Amazon River

From Uncyclopedia, the content-free encyclopedia
Jump to navigation Jump to search

“Amazonas, you carry a cargo of green sperm like a wedding-tree…capital of the syllables of water…hey, what was in those brownies anyway?”

~ Pablo Neruda on Amazonas
Steaming volcanic lake, source of the Amazon and final resting place of the poached remains of Joao Joachim.

“So, is this the site where I can purchase rivers online?”

~ River enthusiast on Amazon River

Mightiest stream on the planet Earth, the Amazon River (or Río Amazonas in Canadian) arises in a volcanic lake outside Limón, Peru, and flows 60,000 kilometers across four continents before emptying into the Gulf of Guelph near Toronto. These four continents are Africa, Australia, Antartica and America. Due to the tunnels carrying the river over the ocean, the Amazon does not freeze while flowing through Antartica towards America.

Geological Wonderland[edit | edit source]

The Portuguese explorer and professional flea trainer Joao Joachim discovered the ultimate source of the Amazon while investigating polypropylene deposits in the rocks of the high Andes. Tracing a vein of this valuable plastic downhill from the summit of Pico Chimichanga he glimpsed a body of water through the shifting mists. His stomach clenched with excitement (or dysentery) as he realized that this must be the fabled source of the Nile! He stumbled down the steep slope, tripped on a boulder at the edge of the water, fell into the steaming lake, and was boiled alive. His native guides fished him out, but it was too late. Luckily they found some wild thyme and mint nearby, and his body -- suitably garnished -- made a fine meal.

Of course Joao Joachim had found the source of the Amazon, not the Nile.

After flowing form the volcanic highlands of Peru the Amazon traverses regions of gold, salt, and silver; ledges of chert, obsidian, and flint; towering cliffs of pitchblende, zircon, sheetrock, cardboard, and anomie; and mudbars of purest vocabulary.

Mining operations along the Amazon have resulted in untold deaths as ill-paid laborers struggle to extract heavy blocks of vocabulary from deep pits.

Biological Wonderland[edit | edit source]

The Vegetable Toilet, Carniphagus faeculis. Inset: common Canadian toilet, Porcelainia canadensis.

From the howling wastelands of Canada to the foetid swamps of the Amazon jungle, this great river passes through the greatest array of biological diversity on the planet. For example, the alert but spurious traveller may glimpse the llama, a savage beast with two ears, a heart, a forehead, and beak for eating honey. This animal is also provided with fins for swimming. Llamas have killed untold thousands of swimmers, bathers, skinnydippers, and telephone repairmen along the mighty Amazon.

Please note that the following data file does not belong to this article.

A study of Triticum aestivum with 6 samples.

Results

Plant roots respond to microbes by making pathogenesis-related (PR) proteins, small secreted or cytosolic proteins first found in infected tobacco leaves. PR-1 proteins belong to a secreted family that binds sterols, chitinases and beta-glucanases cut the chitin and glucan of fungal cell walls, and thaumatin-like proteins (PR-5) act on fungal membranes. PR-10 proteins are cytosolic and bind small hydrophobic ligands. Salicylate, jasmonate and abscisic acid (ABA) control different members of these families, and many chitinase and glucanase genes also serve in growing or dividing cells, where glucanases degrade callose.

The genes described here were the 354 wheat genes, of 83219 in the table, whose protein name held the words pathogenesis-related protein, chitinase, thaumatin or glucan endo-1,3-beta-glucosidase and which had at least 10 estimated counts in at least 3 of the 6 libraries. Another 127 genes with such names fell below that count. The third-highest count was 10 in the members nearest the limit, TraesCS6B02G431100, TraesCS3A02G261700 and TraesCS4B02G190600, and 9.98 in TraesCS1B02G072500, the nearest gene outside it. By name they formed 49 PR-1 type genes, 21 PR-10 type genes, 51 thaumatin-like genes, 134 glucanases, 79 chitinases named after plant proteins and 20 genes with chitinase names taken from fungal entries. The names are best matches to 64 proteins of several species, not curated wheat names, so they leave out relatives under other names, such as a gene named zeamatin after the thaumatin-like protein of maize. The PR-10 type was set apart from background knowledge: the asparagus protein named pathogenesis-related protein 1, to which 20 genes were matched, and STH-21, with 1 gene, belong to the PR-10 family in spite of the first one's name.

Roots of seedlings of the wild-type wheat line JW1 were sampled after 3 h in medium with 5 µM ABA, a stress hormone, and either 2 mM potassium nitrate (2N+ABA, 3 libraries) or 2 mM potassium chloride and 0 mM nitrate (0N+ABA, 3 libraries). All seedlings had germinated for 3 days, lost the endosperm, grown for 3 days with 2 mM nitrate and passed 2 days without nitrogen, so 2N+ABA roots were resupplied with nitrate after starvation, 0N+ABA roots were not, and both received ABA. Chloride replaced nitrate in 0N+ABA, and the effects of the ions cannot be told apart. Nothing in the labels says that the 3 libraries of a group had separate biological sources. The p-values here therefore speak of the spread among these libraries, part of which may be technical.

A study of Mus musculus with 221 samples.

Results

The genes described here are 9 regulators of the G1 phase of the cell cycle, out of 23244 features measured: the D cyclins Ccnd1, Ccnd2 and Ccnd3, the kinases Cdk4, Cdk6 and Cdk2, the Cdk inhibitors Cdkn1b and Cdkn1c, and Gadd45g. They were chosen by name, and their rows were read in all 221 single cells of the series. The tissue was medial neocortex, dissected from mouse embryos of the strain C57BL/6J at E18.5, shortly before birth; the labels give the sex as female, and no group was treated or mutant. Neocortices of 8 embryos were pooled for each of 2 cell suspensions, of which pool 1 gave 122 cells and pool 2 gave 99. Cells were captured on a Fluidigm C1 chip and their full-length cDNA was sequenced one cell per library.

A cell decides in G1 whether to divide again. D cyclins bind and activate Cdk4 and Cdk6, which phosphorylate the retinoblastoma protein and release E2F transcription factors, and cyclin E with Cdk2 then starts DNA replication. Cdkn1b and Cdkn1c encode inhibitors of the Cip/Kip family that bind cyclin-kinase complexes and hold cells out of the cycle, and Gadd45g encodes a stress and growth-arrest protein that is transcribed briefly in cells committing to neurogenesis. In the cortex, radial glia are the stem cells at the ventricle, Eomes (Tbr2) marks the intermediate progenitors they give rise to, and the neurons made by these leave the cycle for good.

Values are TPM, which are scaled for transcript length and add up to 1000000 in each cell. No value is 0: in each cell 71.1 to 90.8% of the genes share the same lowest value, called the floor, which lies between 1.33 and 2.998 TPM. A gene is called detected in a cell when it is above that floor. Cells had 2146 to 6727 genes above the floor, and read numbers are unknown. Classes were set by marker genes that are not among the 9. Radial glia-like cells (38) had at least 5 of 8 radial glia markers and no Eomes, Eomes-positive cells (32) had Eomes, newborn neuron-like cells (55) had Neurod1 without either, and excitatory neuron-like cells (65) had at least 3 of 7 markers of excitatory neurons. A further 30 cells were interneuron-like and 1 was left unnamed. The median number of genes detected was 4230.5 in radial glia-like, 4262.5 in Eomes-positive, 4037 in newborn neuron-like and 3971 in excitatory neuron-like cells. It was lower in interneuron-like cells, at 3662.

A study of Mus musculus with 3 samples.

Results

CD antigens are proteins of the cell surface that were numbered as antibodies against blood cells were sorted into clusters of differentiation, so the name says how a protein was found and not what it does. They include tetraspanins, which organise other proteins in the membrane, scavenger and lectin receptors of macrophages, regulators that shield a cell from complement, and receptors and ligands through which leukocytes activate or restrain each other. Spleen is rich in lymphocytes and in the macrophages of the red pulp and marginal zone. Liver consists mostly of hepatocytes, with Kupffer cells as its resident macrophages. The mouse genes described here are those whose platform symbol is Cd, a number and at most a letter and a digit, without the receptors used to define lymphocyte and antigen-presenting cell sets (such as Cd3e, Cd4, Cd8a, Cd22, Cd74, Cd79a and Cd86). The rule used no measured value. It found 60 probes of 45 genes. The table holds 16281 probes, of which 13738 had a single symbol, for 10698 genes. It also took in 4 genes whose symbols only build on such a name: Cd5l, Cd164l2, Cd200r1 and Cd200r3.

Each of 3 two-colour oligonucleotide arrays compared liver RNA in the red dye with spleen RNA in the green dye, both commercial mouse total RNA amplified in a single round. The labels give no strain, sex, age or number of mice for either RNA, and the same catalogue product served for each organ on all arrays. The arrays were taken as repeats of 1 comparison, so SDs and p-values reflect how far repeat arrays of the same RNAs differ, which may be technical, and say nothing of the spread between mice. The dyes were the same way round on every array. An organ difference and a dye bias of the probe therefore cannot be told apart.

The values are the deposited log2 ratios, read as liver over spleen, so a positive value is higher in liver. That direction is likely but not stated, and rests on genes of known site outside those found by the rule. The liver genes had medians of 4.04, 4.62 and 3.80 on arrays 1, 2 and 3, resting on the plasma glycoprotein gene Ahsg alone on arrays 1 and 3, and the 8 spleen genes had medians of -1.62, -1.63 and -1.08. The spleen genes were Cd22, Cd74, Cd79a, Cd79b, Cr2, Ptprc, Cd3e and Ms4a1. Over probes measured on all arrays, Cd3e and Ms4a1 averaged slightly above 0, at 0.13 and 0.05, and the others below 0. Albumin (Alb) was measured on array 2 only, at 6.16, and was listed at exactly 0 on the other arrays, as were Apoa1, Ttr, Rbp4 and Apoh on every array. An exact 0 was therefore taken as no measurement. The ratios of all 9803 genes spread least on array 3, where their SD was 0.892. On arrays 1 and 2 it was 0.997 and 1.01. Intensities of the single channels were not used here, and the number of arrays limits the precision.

Among the wonders of Amazonian botany we find the lurid vegetable toilet. This completely organic and natural commode has only one flaw: it tends to eat those who take a seat upon its inviting orange bowl. Untold thousands have perished whilst attempting to relieve themselves along the Amazon.

Deep in the brown flood lurk fantistic fish like the torpedo, a grey metallic fish which can generate 250 volts DC, or if using an inverter 125 volts AC. Many thousands of native Amazonians have been electrocuted whilst trying to charge their cell phones from the dread torpedo fish.

Anthropological Wonderland[edit | edit source]

Since before the Mud Age tribes of human beings have lived and died along the Amazon. Many such primitive tribes remain fiercely committed to their ancient lifestyle to this day -- fishing, hunting, gathering wild iPods, and shooting each other with poison arrows. Despite their primitive society these people treat outsiders on a basis of complete equality, extending to them the same consideration they extend to the members of neighboring tribes...and so untold thousands of outsiders have been shot with poison arrows by the fiercely egalitarian natives.

Ode to the Amazon[edit | edit source]

The great Canadian poet Alexander Mackenzie, discoverer of the Gulf of Guelph and inventor of Moosehead Beer, penned a counterpoint to Peruvian poet Pablo Neruda's ode to the river.

Although critics have called Alexander McKenzie a "terrible oder" we at Uncyc rather like his Ode to the Amazon. We agree that the rhymes of diarrhea / anemia and want it / marmot are -- shall we say -- unfortunate. But we would never go as far as Robert Frost, who hired an Italian hitman to kill MacKenzie to keep him from writing more odes. Of course MacKenzie had at that time been dead for 45 years, but Frost said he wanted to make sure.

We present MacKenzie's great work here as a pubic service, and because publishers everywhere else refuse to print it.

Ode to Amazonas, the River Sea

O mighty and fruitful Río Amazonas
Bananas float upon your thick brown tide,
Pineapples bob in your spinning whirlpools,
Papayas by the hundreds line your side.
O fruity and mightful Río Amazonas
All the Indians along your banks have diarrhea.
Enough with the fruit already!
Red meat! Give us red meat to stave off anemia.
O Río Amazonas, you flow from Peru
Through Mexico and some other places
Which I forget, ending up in Canada
Where icicles hang from people's faces.
O Amazonas, Río Amazonas, why?
Why do you flow to the land of the moose
To squirt your brown and turbid flood
Upon the ice like a stream of snoose?
You bring us fruit, O Río Amazonas,
That's true, but we don't want it!
Just stay in Brazil from now on, O great river,
And leave Canada to the beaver and marmot.